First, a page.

BOSTON -- In one sense, Matt Morris was in completely unfamiliar territory in Game 2 of the World Series, pitching on three days' rest for the first time and doing it on the game's biggest stage and in one of its toughest venues for visitors.
In another sense, the results were a little too familiar, pretty much amounting to a microcosm of Morris' 2004 season.
Morris gave it his all and had his good times and bad times, just as he did in the regular season. In this particular situation, the bad hurt more than the good helped as he lasted just 4 1/3 innings in the Cardinals' 6-2 loss to the Red Sox at Fenway Park.
Morris simply couldn't close the deal in the first inning and the fourth. He allowed two runs with two outs in each of those frames to put the Cardinals in a hole that they couldn't climb out of against Boston's Curt Schilling.
And now St. Louis is in a 2-0 hole in the World Series as the Cardinals head home to St. Louis for Game 3 on Tuesday.
The losing decision certainly wasn't for lack of effort from Morris, or even stuff -- despite the three days' rest.
"I felt good," said Morris, who threw 89 pitches, 50 for strikes. "I felt like my stuff was fine, my velocity was fine. I just made some mistakes with a few pitches and you can't do that against them."
Said Cardinals manager Tony La Russa: "Well, I think Matt did a heck of a job. I thought his stuff was good. I mean, you look at it, he gives up four runs on two swings with two outs."
Morris had gotten the first two batters of the game on groundouts, a good sign to start off an outing at Fenway Park, where fly balls toward the Green Monster can really hurt. But he followed by walking Manny Ramirez on six pitches and David Ortiz on eight to bring Jason Varitek to the plate.
"I think I got too cute with Manny, I didn't finish him off," Morris said. "I gave him a curve and he didn't offer. I gave him a cutter and he didn't fish for it. I should have put him away but I didn't. They did a good job laying off close pitches."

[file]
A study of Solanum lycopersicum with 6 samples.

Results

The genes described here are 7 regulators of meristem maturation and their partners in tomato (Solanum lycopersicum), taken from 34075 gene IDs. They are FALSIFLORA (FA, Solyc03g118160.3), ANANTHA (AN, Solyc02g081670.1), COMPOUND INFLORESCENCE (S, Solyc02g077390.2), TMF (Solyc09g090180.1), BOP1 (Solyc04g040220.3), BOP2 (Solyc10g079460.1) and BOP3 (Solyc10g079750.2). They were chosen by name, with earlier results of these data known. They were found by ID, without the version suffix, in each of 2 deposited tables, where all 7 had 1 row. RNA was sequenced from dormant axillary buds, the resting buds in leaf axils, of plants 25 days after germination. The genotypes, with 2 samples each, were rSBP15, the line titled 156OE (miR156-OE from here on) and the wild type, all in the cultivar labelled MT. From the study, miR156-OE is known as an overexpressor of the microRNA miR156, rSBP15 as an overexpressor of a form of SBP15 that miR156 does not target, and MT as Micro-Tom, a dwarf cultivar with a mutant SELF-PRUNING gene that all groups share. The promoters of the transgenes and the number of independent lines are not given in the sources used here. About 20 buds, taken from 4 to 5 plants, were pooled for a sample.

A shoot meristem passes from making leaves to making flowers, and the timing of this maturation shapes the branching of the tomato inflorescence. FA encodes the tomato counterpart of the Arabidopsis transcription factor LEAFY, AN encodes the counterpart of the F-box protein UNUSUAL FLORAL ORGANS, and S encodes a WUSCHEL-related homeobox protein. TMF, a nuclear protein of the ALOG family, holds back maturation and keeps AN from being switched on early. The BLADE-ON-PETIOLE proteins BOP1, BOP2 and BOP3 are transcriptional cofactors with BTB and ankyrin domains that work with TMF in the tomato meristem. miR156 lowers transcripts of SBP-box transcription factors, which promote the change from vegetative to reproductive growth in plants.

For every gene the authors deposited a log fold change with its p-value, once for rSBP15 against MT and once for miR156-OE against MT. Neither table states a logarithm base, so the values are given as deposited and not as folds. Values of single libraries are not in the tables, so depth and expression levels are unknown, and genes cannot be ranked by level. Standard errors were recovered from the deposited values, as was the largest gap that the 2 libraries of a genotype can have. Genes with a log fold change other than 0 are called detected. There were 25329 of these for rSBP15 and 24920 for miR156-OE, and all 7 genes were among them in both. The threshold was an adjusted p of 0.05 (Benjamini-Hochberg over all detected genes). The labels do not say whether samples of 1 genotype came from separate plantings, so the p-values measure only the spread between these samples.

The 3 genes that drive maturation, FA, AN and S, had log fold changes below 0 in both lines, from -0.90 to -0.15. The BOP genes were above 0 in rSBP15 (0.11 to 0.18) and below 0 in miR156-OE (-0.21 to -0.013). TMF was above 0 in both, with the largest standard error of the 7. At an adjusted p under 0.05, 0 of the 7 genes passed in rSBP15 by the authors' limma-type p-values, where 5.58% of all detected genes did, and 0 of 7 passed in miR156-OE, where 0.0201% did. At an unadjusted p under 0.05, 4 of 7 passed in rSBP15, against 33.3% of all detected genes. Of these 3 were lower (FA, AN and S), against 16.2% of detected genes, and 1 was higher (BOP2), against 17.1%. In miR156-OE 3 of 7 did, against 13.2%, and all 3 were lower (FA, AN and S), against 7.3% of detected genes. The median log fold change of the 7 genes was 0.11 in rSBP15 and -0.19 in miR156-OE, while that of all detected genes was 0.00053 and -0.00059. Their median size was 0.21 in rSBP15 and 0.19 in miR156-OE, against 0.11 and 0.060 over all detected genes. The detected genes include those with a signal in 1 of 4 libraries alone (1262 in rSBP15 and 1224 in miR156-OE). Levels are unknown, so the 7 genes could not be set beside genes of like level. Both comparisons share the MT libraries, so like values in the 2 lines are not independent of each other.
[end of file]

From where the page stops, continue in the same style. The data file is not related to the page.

Matt Morris / P
Weight: 220 lbs
Bats: R / Throws: R
After those two tough at-bats, Morris left a 1-2 changeup where Varitek could hit it, and the Boston catcher drilled it into center for a two-run triple.
In the fourth, it was a hit batter that got him into trouble. After he hit Kevin Millar with a pitch with one out, he struck out Trot Nixon on three pitches. But back-to-back doubles by Bill Mueller and Mark Bellhorn put the Cardinals in deeper water.
La Russa pulled Morris after he'd walked Orlando Cabrera on five pitches and gotten Ramirez to fly out to right to start the fifth.
"At that point, to me, in that inning, he was starting to force it and on three days' rest, I got him out because I think this
-- we're pushing it too far, he might hurt himself and that's what I told him,"
La Russa said. "I said, 'Matt, you've given us enough. It's crazy to go any farther.'"
Said Morris: "I made a couple of bad pitches I'd like to take back. Unfortunately, I can't."
With Morris unlikely to go on three days' rest in back-to-back starts in a possible Game 5 and his free agency looming, the possibility exists that he has pitched his last game with the Cardinals.
Naturally, he's not thinking about that now -- neither in terms of his future with the team, nor in terms of the Cards' future in this series.
"This is coming down to a five-game series, and we've got to win four of them," Morris said. "But we have an off-day and we've been able to come back from being down before. This team doesn't quit and we're not out of this yet by a long shot. We've come back all year, you've seen it happen."
John Schlegel is a reporter for MLB.com. This story was not subject to the approval of Major League Baseball or its clubs.